Gov. Yuriko Koike won a second term in Sunday's Tokyo gubernatorial election, vowing to respond firmly to a second wave of the novel coronavirus and coordinate with the International Olympic Committee over the postponed Olympics and Paralympics now scheduled for 2021.

"I am very happy, and simultaneously feel the heaviness of the responsibility," Koike, 67, said in televised remarks as early returns suggested she is on course for a landslide victory.

But Koike, who became the first female governor of the Japanese capital in 2016 after serving as defense minister and environment minister, said she could not feel completely happy as Tokyo is in the throes of the coronavirus epidemic, with the number of new infections topping 100 Sunday for the fourth straight day.

"This is an important time to be prepared for the second wave of the coronavirus. We want to respond to it firmly," she said.

Yuriko Koike is pictured at a press conference after winning a second term in the Tokyo gubernatorial election on July 5, 2020. (Kyodo)

Koike, who ran as an independent, beat 21 challengers, including Kenji Utsunomiya, 73, a former head of the Japan Federation of Bar Associations, Taro Yamamoto, 45, a former actor and leader of the anti-establishment party Reiwa Shinsengumi, and Taisuke Ono, 46, a former vice governor of Kumamoto Prefecture.

Voter turnout was 55.0 percent, down 4.73 percentage points from the last election in July 2016.

Koike's appeal was far-reaching across the board. She garnered votes from more than 80 percent of supporters of the ruling Liberal Democratic Party and its coalition partner Komeito, 56.9 percent of unaffiliated voters, and even 31.6 percent of those aligned with the main opposition Constitutional Democratic Party of Japan, according to Kyodo News exit polls.

Her coronavirus policy seemed to have given her a boost, with 60.7 percent of voters assessing it favorably, according to the exit polls.


"I very much regret (the outcome). I wish I could have responded to the expectations of many Tokyo residents," said Utsunomiya, who was backed by the CDPJ and two other opposition parties.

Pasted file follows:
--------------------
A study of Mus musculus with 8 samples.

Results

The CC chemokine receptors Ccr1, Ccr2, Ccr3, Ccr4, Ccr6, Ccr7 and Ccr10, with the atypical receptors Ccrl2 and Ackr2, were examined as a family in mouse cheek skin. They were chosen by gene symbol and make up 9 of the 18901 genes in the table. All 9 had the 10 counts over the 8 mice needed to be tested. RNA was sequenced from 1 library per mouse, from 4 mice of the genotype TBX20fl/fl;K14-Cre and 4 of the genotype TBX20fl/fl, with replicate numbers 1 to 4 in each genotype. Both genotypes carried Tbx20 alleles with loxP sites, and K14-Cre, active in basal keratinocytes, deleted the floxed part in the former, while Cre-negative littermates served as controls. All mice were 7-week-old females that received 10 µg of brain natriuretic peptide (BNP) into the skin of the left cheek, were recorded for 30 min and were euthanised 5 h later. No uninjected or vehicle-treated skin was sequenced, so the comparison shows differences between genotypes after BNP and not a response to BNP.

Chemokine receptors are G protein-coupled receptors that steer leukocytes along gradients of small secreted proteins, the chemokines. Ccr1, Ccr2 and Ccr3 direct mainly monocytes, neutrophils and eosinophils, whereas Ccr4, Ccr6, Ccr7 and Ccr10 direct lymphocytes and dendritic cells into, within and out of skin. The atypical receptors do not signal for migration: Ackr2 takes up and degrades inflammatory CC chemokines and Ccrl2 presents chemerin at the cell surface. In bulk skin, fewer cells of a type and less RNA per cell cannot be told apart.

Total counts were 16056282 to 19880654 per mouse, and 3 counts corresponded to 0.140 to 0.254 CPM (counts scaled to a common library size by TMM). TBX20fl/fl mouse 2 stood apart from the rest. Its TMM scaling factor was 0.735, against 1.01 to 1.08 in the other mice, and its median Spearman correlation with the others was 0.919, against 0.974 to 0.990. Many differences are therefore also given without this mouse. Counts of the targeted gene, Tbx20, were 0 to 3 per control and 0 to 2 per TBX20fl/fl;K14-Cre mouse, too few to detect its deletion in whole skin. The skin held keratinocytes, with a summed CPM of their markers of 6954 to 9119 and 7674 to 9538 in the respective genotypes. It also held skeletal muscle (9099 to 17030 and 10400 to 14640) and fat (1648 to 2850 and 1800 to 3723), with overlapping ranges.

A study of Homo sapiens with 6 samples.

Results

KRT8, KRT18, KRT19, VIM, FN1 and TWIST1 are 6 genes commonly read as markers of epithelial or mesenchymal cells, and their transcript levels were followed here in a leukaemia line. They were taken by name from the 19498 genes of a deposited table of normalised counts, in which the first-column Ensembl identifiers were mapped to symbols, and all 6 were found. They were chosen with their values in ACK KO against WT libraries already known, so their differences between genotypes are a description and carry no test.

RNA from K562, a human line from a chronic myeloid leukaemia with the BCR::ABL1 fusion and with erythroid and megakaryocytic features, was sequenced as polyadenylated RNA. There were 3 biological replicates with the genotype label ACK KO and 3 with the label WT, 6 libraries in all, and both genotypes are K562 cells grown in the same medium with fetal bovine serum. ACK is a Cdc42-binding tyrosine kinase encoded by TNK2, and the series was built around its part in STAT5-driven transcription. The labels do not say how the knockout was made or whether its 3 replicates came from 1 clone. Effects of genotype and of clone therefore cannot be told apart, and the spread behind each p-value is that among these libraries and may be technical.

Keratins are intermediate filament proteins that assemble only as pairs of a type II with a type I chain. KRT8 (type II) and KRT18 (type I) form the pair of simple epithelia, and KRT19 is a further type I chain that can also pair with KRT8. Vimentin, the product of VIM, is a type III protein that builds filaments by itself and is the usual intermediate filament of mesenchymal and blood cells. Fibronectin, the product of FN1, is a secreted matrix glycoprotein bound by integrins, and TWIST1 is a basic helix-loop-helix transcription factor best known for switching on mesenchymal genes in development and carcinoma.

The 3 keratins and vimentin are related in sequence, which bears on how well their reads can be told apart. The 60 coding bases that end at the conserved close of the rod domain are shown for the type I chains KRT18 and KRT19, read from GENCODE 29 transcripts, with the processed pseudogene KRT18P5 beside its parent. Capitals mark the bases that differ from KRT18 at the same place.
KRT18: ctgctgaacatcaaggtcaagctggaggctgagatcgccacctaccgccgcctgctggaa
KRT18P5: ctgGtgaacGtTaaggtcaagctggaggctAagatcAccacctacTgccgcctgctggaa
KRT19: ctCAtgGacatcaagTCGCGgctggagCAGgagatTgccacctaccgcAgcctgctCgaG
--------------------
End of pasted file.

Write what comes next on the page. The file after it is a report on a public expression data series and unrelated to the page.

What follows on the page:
He received votes from only 45.9 percent of CDPJ supporters.

Acknowledging defeat, Yamamoto said, "Mt. Yuriko was strong and very high," characterizing Koike as a mountain.

In an unusual move that illustrates her electoral strength, the local branch of the LDP did not field a candidate and told members to vote freely, although some vocally supported her.

The race to decide who would govern the metropolis for the next four years revolved around who could best combat the pandemic of COVID-19, the respiratory disease caused by the virus, and spur an economic recovery while supporting distressed businesses and households.

(Staffers deal with voters from behind a vinyl sheet at a voting station for the Tokyo gubernatorial election in the capital's Setagaya Ward on July 5, 2020, amid worries over a resurgence of coronavirus infection cases)

The judiciousness of Tokyo hosting the Olympics and Paralympics was also high on candidates' agenda as concerns persist about COVID-19's continued global spread. Koike's main rivals had called for cancellation or a longer postponement.

The election was made unusual by the COVID-19 pandemic, with voters and staffers avoiding the "three Cs" -- closed spaces, crowded and close-contact settings -- at polling stations.

At a polling station in Setagaya Ward, for example, voters were spaced out, and disposable pencils and gloves were handed to those who did not bring their own.

Contenders increased their reliance on online debates and campaigning, although Koike chose to campaign solely online, pledging to put Tokyoites first and continue with her reforms for the capital.

Despite criticism for failing to implement most of her promises in her first term, her popularity had risen in the last few months compared with Prime Minister Shinzo Abe's government on her implementation of measures to curb infections in the capital, such as stay-at-home and business suspension requests, which seemed to have mitigated the number of cases for a period.

Tokyo has reported more than 6,700 confirmed COVID-19 cases, about a third of the more than 20,000 in Japan.

Since the government lifted the state of emergency in late May and the Tokyo metropolitan government allowed businesses to fully resume on June 19, daily cases in Tokyo have rebounded.

Sunday's tally of 111 compared with a peak of 206 for the capital on April 17.